Schimpf advocates for Southwest Illinois Connector
State Sen. Paul Schimpf has a number of goals for the spring session, including introducing legislation to help with job creation in southern Illinois and consolidate state government.
One of his goals coincides with work being done of late by representatives of four southwestern Illinois counties to build a four-lane highway from Murphysboro to Waterloo. With the Senate’s return to session Tuesday, Schimpf went to work on introducing legislation to move forward on this proposal.
“That, to me, is the only proposal I’ve heard as far as spurring economic prosperity,” he said of the project.
The four-lane/four-county highway coalition has met on several occasions recently to discuss the expansion which proponents say would create an easier route from St. Louis to southwestern Illinois cities. During its most recent meeting, the coalition dubbed the idea the “Southwest Illinois Connector.”
Schimpf gave the Republic-Times four reasons for his support of the four-lane highway, including that it would connect to a major university in Southern Illinois University Carbondale.
“I think in order to maximize the economic potential of the shooting complex in Sparta, you have to have something like this,” he said for his second reason.
The Republican from Waterloo also touted it as a benefit to the Kaskaskia Regional Port District, a driving force in the region’s economy. Finally, he said the highway would spur a reduction in fatal accidents with less traffic on Interstate 57.
“That gets a lot of press for the number of accidents taking place there,” he said.
Last week, Schimpf hosted a media tour in different cities in the 58th Senate District, including Waterloo, to present his eight different pieces of legislation he plans to introduce during the spring session.
Other than the four-lane highway, Schimpf will also advocate for such items as creating tax credits for hiring graduates of the state university system, combining the offices of comptroller and treasurer and eliminating the position of lieutenant governor, and reforming the state pension system to include a buyout proposal for vested, inactive pension holders.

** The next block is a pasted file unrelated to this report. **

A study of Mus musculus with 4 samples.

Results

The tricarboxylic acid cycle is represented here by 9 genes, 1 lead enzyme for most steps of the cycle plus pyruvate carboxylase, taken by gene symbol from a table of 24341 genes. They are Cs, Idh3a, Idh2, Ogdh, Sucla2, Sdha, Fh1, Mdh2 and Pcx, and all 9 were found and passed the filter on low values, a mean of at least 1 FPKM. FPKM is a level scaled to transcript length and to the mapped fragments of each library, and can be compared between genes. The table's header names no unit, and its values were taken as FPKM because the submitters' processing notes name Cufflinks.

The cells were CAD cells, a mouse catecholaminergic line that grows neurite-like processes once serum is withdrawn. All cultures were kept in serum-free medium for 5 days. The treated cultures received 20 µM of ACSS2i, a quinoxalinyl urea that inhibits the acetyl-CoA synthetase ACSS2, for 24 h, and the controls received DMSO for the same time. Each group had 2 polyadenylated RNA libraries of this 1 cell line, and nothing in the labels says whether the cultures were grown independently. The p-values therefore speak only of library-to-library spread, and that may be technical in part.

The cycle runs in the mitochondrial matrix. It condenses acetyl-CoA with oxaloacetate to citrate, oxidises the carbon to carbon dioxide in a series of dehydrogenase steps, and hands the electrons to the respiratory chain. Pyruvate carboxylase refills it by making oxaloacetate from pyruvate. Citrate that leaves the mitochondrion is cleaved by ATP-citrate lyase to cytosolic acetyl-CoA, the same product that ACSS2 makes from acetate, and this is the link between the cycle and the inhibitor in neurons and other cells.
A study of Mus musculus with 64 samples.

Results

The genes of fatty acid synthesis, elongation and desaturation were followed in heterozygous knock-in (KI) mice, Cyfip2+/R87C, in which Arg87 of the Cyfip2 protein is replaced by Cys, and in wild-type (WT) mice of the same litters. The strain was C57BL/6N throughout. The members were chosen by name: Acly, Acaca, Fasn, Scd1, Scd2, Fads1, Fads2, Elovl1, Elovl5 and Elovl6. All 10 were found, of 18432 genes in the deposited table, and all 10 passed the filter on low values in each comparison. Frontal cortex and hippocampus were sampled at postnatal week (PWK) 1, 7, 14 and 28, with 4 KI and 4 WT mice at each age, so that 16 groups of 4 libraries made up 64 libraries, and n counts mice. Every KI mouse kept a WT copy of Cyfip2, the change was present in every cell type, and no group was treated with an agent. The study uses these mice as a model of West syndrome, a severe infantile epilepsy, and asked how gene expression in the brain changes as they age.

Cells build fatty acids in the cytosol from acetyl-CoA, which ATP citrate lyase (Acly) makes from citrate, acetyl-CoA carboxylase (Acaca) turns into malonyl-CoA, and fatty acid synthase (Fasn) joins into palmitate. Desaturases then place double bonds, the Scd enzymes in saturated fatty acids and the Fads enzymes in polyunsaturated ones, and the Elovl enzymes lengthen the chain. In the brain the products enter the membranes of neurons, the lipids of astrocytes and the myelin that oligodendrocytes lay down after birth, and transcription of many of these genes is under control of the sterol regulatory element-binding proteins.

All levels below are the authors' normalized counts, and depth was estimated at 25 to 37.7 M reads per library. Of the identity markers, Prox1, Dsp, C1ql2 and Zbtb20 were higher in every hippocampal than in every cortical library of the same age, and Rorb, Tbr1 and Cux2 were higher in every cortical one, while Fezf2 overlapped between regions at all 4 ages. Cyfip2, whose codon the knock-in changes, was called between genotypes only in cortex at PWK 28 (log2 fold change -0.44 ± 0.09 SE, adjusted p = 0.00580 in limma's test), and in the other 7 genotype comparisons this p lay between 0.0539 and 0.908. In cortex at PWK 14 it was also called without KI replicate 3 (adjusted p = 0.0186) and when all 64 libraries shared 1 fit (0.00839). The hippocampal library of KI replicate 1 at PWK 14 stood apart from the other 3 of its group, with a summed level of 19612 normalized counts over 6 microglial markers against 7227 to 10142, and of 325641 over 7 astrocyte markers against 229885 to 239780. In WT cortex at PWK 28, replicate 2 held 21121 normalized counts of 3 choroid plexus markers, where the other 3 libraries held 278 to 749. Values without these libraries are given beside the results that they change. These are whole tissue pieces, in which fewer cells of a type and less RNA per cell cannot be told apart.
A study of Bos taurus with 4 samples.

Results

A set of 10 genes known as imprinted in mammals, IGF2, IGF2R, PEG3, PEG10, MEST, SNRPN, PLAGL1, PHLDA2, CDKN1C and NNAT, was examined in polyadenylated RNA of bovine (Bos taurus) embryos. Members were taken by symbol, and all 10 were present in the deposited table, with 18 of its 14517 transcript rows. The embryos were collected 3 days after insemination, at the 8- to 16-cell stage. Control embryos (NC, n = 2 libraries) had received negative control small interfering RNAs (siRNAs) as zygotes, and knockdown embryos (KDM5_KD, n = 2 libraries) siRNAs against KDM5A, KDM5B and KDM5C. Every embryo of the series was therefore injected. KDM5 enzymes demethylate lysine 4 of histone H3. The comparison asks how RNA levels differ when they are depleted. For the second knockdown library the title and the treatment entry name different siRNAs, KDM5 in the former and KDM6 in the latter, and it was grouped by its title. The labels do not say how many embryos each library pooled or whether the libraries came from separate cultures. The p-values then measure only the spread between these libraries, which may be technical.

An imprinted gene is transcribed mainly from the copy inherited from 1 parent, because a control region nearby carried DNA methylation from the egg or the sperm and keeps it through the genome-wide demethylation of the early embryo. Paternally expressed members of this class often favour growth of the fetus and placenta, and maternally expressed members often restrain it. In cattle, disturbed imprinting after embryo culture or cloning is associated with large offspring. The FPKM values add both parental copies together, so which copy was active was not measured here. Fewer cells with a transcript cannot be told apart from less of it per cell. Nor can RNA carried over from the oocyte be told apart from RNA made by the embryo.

“His Eight for ‘18 agenda touches on job creation, reducing government spending, and keeping promises — priorities he believes will generate support from both sides of the aisle,” according to a press release detailing Schimpf’s legislative priorities.
During the spring session, Schimpf said he believes Senate Bill 444 — a cleanup bill needed to move forward with the new school funding formula signed into law in August — will come up for an override vote since Governor Bruce Rauner issued an amendatory veto on the bill.
Schimpf voted “no” on the trailer bill. While the Illinois State Board of Education continues to make calculations under the new formula, schools in Illinois are receiving the same level of funding as under the previous formula.
“It looked like only two schools in my district would be gaining under this proposal,” he said, adding, “I see no reason to change my vote” if it comes up for a veto override.
Rauner was to give his State of the State Address Wednesday, the second day of the spring session.
Read more about the governor’s speech in next week’s Republic-Times.